Author: Norman Mailer
First published: 1968
Locale: Washington, D.C., Virginia, and New York
Plot: New journalism
Time: October, 1967
Norman Mailer, a famous American novelist, journalist, social critic, historian, and candidate for mayor of New York City. Variously described in the third-person narrative as Mailer, the Novelist, or the Historian, Mailer is the focal character, a principal witness to the historic events the novel recounts and analyzes. A literary genius who has just published a novel, Why Are We in Vietnam?, Mailer is a reluctant participant in public demonstrations against the war in Vietnam; he believes his own literary work is his only real answer to the war. A self-described Left Conservative, he is soon persuaded to lend his extraliterary efforts to the antiwar effort and is arrested during the massive protest march to the steps of the Pentagon in October, 1967.
Robert Lowell, a much-admired rival of Mailer. He is considered to be the most talented and most distinguished poet in America. A man of great personal attractiveness, Lowell makes speeches, reads his poetry, and marches with the protesters. Along with Mailer, Dwight Macdonald, Paul Goodman, and Ed de Grazia, Lowell is a speaker at the Ambassador Theater in Washington on the Thursday night before the Saturday march on the Pentagon.
Dwight Macdonald, a gregarious, massive, and bearded literary critic. He is a speaker at the Ambassador Theater and a participant in the march. He is admired by Mailer, but their relations are touchy because Macdonald is currently at work on a review of Mailer's Why Are We in Vietnam?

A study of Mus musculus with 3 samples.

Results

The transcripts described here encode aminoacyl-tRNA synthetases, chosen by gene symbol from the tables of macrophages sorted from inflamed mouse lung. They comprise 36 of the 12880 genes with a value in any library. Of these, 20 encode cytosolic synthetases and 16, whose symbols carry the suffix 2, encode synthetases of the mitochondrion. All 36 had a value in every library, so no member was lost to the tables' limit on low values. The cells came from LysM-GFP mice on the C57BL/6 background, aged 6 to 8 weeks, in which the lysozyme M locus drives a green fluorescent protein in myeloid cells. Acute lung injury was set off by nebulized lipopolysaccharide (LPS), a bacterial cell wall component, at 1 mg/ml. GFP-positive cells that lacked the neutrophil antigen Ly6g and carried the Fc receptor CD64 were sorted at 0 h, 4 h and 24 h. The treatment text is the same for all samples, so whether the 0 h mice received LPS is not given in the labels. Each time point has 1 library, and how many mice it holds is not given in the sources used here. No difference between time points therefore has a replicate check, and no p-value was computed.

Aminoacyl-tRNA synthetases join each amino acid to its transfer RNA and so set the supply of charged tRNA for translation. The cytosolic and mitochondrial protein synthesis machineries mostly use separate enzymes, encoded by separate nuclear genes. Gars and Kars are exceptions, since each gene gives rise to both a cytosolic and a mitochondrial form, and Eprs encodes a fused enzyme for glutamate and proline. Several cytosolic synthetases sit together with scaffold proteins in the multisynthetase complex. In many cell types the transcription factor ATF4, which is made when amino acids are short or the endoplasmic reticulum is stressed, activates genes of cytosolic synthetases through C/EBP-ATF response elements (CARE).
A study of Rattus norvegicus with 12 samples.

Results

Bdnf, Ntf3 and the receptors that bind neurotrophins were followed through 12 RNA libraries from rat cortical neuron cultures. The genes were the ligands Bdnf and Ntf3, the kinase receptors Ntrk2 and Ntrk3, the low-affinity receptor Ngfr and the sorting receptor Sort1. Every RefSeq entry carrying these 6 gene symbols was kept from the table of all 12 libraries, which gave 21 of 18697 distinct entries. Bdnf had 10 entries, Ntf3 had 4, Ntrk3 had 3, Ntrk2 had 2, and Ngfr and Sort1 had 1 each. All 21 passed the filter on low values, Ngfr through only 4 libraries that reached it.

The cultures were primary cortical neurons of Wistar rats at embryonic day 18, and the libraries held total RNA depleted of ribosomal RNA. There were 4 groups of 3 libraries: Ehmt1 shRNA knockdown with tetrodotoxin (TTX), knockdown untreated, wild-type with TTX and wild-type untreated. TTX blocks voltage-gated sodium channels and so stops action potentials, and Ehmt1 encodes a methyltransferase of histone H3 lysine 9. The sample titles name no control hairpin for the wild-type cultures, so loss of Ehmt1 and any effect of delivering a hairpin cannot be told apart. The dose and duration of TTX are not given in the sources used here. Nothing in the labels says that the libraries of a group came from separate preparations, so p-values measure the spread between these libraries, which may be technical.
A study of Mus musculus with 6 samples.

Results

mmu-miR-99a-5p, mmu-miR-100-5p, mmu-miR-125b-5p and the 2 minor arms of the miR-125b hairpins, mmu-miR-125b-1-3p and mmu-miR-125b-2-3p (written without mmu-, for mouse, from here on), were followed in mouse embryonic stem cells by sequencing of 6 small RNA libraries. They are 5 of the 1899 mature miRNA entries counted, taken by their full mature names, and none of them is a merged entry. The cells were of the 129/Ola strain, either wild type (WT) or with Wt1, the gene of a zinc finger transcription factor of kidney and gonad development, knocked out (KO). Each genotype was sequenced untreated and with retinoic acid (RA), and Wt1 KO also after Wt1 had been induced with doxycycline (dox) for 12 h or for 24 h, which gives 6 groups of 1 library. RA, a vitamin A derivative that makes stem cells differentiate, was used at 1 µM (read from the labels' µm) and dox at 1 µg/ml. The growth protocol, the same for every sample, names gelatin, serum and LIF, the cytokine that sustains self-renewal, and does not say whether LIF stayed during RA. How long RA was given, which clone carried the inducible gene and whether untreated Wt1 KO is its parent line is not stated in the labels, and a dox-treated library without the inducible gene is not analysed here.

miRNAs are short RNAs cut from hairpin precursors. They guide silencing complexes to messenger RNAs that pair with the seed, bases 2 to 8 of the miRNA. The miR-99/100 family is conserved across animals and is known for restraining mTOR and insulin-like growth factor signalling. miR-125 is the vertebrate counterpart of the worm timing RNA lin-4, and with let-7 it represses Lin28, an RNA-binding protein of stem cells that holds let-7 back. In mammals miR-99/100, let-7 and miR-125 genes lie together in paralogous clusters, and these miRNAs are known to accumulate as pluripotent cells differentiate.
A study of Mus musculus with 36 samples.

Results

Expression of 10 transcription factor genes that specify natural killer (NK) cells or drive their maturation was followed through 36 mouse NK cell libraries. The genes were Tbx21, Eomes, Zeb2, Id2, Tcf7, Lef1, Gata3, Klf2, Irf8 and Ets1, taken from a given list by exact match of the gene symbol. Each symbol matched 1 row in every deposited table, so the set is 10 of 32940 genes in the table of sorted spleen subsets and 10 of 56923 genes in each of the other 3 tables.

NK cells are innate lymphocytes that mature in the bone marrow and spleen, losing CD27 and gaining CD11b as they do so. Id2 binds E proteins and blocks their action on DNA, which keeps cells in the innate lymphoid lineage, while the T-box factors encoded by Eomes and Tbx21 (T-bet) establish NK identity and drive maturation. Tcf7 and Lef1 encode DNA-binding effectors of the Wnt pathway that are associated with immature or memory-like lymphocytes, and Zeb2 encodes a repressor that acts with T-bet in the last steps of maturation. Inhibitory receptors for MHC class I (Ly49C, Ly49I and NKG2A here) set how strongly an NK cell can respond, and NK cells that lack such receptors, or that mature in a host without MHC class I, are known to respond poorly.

Paul Goodman, a speaker at the Ambassador Theater who is disliked though respected by Mailer. Goodman is a social critic and essayist for Dissent, a socialist quarterly.
Mitchell Goodman, a former Harvard classmate of Mailer. He wrote a war novel for which Mailer wrote a blurb. A member of the antiwar group Resist and a principal organizer of a demonstration at the Department of Justice in support of students refusing the draft, Goodman telephones Mailer and invites him to speak at the Ambassador Theater.
David Dellinger, a principal organizer of the march, chairman of the National Mobilization to End the War in Vietnam, and editor of the anarchist-pacifist magazine Liberation.
Jerry Rubin, a principal organizer of the march. He is a creative, unpredictable, militant, hippie-oriented leader of the New Left and an organizer of the first mass protest of the war at the Berkeley campus of the University of California. Rubin once appeared at a House Committee on Un-American Activities hearing wearing an American revolutionary war uniform.
Ed de Grazia, a leading lawyer for the legal defense committee of the National Mobilization to End the War in Vietnam andanoldfriendofMailer.
William Sloane Coffin, Jr., the chaplain at Yale. He is a man of great personal integrity and force who participates in the march.
Hirschkop, the masterful chief counsel for the demonstrators, confident and powerfully built. He successfully defends Mailer in a brilliant courtroom encounter with Commissioner Scaife.
Commissioner Scaife, an impressive Virginia judge who attempts to hold Mailer in jail but who is outmaneuvered by Hirschkop and thus compelled to free Mailer without bail.
Fontaine, a documentary maker who records the events of the march and interviews Mailer on camera.
Leiterman, a cameraman who assists Fontaine.
Heiss, a sound man who assists Fontaine.
Walter Teague, who is arrested during the march and held in a large holding cell with Mailer. A Leninist, Teague is a tireless caller for militant antiwar activities.
Noam Chomsky, a brilliant linguist at the Massachusetts Institute of Technology. He is arrested during the march and held in the same cell as Mailer.
Dr. Benjamin Spock, a famous pediatrician. He is a speaker at and participant in the march.